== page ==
A survey of arable growers has highlighted the need for greater accuracy when applying slug pellets – with application timing one of the biggest improvements needed to tackle a burgeoning slug population.

Some 81% of growers perceive the threat posed by slugs has either remained static (65%) or increased (16%) over the last three years, according to the Adama UK poll. But only 28% of growers are using traps to assess slug activity.

The survey found that 20% of growers were potentially applying pellets ahead of the slug threshold being reached, says Adama molluscicide and fungicide product manager Melanie Wardle.

“What we learned was that growers are anticipating another year of intense slug pressure predominantly because the wet weather in the second half of the spring coincided with the main breeding period resulting in the potential for an increased population this autumn.”

Pellet management

Ms Wardle said the survey also highlighted that the majority of growers were using pellets correctly. But there was still considerable room for improvement in terms of when and – to an extent how – pellets were applied.

In terms of how growers assess the slug threat in their crops, 69% of farmers said they relied on visual inspections when crop walking, with 28% using slug traps and 3% using slug forecasting tools.

“From a best-practice perspective it is essential that pellets are only applied once the threshold has been reached so it’s encouraging that almost a third of growers are proactively using slug traps to determine when slugs are active.

In an ideal world, 100% of growers would be using traps to assess the risk, says Ms Wardle. “Trapping is more reliable than basic visual inspections which can be more hit and miss depending on when the crop is walked and during what conditions.”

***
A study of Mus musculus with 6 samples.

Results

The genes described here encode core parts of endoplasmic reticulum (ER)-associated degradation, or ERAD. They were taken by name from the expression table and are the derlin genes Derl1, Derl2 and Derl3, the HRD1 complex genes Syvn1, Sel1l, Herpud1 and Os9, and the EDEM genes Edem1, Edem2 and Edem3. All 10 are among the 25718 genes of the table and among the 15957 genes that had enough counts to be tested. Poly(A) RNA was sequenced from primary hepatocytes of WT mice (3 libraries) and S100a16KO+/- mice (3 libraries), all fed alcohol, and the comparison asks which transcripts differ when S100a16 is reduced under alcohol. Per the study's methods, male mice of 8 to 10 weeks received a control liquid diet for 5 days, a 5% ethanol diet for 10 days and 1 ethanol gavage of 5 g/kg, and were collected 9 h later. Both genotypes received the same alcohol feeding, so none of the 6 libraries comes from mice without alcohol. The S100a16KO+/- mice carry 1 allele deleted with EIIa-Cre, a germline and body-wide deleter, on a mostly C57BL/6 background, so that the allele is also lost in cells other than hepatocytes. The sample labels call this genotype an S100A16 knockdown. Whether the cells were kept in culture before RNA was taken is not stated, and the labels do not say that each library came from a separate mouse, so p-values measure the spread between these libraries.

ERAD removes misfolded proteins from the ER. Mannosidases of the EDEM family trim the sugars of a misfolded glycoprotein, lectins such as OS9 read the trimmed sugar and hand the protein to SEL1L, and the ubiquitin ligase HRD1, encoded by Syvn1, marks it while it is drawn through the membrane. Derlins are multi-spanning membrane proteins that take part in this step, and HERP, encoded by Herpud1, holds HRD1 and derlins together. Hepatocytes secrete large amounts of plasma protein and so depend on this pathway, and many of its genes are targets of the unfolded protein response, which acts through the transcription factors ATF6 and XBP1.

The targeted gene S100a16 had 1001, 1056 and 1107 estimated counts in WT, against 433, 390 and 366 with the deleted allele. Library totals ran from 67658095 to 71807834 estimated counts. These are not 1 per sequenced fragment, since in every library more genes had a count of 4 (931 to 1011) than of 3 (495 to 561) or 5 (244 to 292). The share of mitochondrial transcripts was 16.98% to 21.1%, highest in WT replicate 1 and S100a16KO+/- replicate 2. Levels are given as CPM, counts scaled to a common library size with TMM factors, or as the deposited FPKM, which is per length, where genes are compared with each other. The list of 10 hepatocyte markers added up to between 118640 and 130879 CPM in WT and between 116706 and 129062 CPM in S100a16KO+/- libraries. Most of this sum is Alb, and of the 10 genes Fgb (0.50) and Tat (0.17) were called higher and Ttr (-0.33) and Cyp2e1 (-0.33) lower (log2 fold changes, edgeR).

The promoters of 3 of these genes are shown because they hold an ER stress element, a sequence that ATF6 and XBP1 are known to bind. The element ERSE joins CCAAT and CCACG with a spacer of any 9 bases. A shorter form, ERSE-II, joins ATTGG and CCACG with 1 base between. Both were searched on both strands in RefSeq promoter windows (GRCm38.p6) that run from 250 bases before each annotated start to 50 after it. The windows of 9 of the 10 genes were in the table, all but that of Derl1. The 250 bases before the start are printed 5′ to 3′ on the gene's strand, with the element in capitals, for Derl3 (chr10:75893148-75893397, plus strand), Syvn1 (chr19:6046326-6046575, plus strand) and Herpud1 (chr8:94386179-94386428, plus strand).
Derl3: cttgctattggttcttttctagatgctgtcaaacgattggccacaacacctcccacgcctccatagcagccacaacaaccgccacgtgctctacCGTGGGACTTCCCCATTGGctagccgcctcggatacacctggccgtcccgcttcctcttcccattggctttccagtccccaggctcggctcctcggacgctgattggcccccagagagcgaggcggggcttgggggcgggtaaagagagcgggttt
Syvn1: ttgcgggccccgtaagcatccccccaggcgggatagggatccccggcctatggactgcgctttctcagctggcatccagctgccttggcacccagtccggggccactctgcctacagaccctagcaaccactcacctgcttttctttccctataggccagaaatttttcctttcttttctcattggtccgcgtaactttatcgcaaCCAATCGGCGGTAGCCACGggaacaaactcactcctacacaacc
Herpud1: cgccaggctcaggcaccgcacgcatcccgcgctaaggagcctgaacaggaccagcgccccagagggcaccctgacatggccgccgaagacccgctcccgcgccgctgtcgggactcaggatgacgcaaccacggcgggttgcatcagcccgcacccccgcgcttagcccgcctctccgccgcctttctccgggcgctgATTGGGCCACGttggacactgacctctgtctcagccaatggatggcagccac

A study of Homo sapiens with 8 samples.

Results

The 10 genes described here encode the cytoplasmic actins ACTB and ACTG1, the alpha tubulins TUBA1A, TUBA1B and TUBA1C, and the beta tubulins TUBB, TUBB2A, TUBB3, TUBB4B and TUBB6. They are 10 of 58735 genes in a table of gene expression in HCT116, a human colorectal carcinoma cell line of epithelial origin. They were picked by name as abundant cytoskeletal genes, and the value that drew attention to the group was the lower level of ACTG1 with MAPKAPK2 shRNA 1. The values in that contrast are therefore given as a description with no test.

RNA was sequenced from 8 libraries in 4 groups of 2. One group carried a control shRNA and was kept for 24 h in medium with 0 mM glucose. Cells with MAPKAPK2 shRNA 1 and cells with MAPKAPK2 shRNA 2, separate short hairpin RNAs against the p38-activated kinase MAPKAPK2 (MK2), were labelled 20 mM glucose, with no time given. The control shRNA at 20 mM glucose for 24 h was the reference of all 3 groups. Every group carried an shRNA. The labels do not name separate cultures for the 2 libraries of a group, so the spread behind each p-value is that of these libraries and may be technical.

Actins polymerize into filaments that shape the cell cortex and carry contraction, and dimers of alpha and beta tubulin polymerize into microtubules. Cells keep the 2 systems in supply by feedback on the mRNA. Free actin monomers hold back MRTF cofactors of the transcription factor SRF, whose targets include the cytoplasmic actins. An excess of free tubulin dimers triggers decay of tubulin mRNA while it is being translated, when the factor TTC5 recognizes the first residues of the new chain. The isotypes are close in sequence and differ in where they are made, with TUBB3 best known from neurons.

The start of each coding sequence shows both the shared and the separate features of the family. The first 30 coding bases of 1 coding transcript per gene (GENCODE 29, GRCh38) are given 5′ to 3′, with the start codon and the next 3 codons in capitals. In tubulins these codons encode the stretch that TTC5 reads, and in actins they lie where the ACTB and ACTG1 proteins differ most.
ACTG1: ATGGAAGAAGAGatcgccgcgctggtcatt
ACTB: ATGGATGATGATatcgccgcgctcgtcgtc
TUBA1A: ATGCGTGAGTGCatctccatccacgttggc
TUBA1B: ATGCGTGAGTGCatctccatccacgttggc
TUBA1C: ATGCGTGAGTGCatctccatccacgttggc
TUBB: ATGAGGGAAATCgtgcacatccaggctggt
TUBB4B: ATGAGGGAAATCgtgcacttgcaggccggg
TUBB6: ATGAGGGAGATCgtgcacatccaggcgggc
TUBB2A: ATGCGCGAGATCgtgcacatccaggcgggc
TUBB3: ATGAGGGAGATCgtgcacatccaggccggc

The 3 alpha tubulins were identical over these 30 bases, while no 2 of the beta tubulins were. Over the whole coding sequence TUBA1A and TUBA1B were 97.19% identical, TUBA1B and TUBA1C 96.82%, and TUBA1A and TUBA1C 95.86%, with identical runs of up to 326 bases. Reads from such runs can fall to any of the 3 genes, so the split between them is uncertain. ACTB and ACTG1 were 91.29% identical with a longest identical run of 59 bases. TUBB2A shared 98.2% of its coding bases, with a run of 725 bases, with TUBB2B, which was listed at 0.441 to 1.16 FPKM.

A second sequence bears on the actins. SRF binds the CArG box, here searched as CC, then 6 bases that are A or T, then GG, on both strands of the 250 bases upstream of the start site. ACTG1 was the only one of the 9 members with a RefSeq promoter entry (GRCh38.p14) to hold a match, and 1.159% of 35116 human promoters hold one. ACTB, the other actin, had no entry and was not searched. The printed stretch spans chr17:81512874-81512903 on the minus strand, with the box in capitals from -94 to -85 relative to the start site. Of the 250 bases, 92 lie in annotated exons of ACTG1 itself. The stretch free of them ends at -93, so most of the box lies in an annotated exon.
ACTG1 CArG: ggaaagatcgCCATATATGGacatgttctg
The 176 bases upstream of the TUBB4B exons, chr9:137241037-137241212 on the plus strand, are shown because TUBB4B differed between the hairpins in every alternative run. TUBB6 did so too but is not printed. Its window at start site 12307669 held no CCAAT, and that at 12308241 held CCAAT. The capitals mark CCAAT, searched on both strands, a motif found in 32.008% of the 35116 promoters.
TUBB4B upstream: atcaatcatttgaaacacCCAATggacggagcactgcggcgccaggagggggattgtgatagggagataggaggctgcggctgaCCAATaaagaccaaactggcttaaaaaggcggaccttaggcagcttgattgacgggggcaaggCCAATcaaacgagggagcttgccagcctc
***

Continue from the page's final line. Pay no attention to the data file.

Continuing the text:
Adama recently launched its new ferric phosphate pellet Gusto Iron and has another novel active ingredient in development. Ms Wardle said the company was keen to identify what growers look for when choosing a molluscicide.

The survey indicated that the most critical factors when choosing a slug pellet were palatability, active ingredient efficacy and pellet longevity in wet conditions. Spreading accuracy, mould resistance and pellet visibility were also important.

Growers expressed a clear preference for high quality, value-added pellets which balanced palatability and longevity with colour retention and mould resistance. Gusto Iron had all these attributes said Ms Wardle.

The survey also highlighted that 37% of growers are applying pellets to 12 metres, with an additional 24% spreading to 18m. A further 32% are spreading to 24m, with the remaining 7% spreading to 36m.

“Even at relatively narrow working widths it’s imperative to ensure that spreading equipment is correctly calibrated and that it is operated at an appropriate forward speed according to the prevailing climatic conditions.”